Do You Approve?

To recap from the video, our society is conditioned to be approval-seeking, because all humans have a survival instinct to desire belonging. From birth, parents condition children to be approval-seeking through operant conditioning and rewards versus punishment. In addition, children have a natural survival animal instinct to belong. To feel safe, protected, and wanted, a child seeks parent approval, so it is a symbiotic relationship, but one that is oftentimes dysfunctional. Psychologist Carl Rogers called the approval seeking behavior “positive regard.” Carl Rogers stated that children would even accept “negative regard” over “no regard.” What this means is that a child hopes to be loved, but if a child can not achieve a loving parental response then the child would accept a hateful response as opposed to being ignored. The end result is that children grow up to be emotionally-wounded adults who secretly harbor fears of rejection and emotional pain from parental rejection, which can manifest as criticism, disapproval, and conditional love. As adults, we project our childhood emotional pain onto the people in our relationships. Sometimes we recreate the parental rejection and cause people to reject us via a self-fulfilling prophecy and other times we actually meet people who genuinely reject us.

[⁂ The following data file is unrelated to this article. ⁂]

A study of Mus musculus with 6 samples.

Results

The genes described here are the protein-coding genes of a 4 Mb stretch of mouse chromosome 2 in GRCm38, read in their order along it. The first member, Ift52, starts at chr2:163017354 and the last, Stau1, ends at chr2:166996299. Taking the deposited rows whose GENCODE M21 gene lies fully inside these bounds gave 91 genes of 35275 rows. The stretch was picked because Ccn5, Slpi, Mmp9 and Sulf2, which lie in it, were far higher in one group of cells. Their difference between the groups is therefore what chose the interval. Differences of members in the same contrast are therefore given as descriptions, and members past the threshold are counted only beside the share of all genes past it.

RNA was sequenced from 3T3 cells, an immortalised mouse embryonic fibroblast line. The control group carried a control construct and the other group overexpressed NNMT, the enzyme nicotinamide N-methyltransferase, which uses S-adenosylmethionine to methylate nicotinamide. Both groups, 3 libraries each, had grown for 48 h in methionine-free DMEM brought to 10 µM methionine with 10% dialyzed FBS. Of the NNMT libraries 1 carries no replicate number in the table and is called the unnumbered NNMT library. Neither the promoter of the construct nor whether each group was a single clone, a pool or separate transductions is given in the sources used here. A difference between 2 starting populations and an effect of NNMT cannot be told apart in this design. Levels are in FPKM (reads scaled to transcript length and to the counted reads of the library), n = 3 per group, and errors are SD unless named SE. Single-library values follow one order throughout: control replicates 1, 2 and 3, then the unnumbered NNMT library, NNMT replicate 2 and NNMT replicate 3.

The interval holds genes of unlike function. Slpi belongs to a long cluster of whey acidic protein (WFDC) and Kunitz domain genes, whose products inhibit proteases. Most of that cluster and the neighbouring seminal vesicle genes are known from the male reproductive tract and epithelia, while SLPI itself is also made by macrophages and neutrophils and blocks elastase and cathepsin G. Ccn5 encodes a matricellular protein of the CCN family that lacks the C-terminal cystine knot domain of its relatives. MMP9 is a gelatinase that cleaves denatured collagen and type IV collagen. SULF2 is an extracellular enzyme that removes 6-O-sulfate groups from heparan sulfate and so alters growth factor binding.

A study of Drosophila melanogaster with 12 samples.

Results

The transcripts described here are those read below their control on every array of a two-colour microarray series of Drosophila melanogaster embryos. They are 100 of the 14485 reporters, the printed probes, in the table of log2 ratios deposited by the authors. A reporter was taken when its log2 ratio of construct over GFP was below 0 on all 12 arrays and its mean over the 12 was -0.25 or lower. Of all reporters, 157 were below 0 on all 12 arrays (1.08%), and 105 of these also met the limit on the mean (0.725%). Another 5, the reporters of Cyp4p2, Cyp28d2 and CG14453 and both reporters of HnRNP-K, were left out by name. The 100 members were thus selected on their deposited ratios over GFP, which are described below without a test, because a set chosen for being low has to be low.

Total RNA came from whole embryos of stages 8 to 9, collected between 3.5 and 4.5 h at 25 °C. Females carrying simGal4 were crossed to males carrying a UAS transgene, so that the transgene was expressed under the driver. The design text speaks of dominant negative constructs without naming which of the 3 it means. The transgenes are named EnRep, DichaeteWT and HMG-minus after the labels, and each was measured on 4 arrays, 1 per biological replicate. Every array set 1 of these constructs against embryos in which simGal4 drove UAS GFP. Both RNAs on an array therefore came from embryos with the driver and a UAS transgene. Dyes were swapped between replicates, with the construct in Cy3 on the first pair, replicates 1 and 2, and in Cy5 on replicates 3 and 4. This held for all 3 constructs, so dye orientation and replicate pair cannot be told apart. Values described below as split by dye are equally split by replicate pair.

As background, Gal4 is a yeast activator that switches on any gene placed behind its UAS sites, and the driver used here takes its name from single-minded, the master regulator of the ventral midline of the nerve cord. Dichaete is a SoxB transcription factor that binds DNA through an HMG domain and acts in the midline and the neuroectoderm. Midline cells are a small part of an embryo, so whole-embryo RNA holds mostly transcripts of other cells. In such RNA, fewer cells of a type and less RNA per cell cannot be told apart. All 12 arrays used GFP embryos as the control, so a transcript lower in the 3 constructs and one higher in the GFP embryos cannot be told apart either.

So what is the solution? The solution is two-pronged. First, the solution is to be aware of and understand how our parent-child relationship is affecting our adulthood. Second, the solution is to become self-approving seeking. This means stop living to gain approval from others and start living to gain approval from yourself. It is difficult to break people-pleasing behaviors because these behaviors have been habitual for your entire life. Breaking the people-pleasing behavior cycle will be uncomfortable. And when people reject you, you will have to remind yourself that it is OK to experience rejection and where one person rejects you another person, the right person, will accept you.

To summarize, approval-seeking behaviors are engrained in us all from childhood. Approval-seeking behaviors have no place in adulthood. Healthy adult behavior is to be self-approval seeking.

Published by analyticalperspective

Heather Blackwell is a CBT-certified mental health coach and Psychology subject matter expert (SME), dedicated to bringing Psychology insights to the self-help community. She studied two masters degrees in the areas of Forensic Psychology and MFT, and has 15+ years’ experience in behavioral analysis under her skill belt. Her discussion topics include, but are not inclusive to, dating experiences, interpersonal relationships, maladaptive behavioral development, self-identity development, self-help, holistic mind-body health, and nutrition as it applies to mental wellness.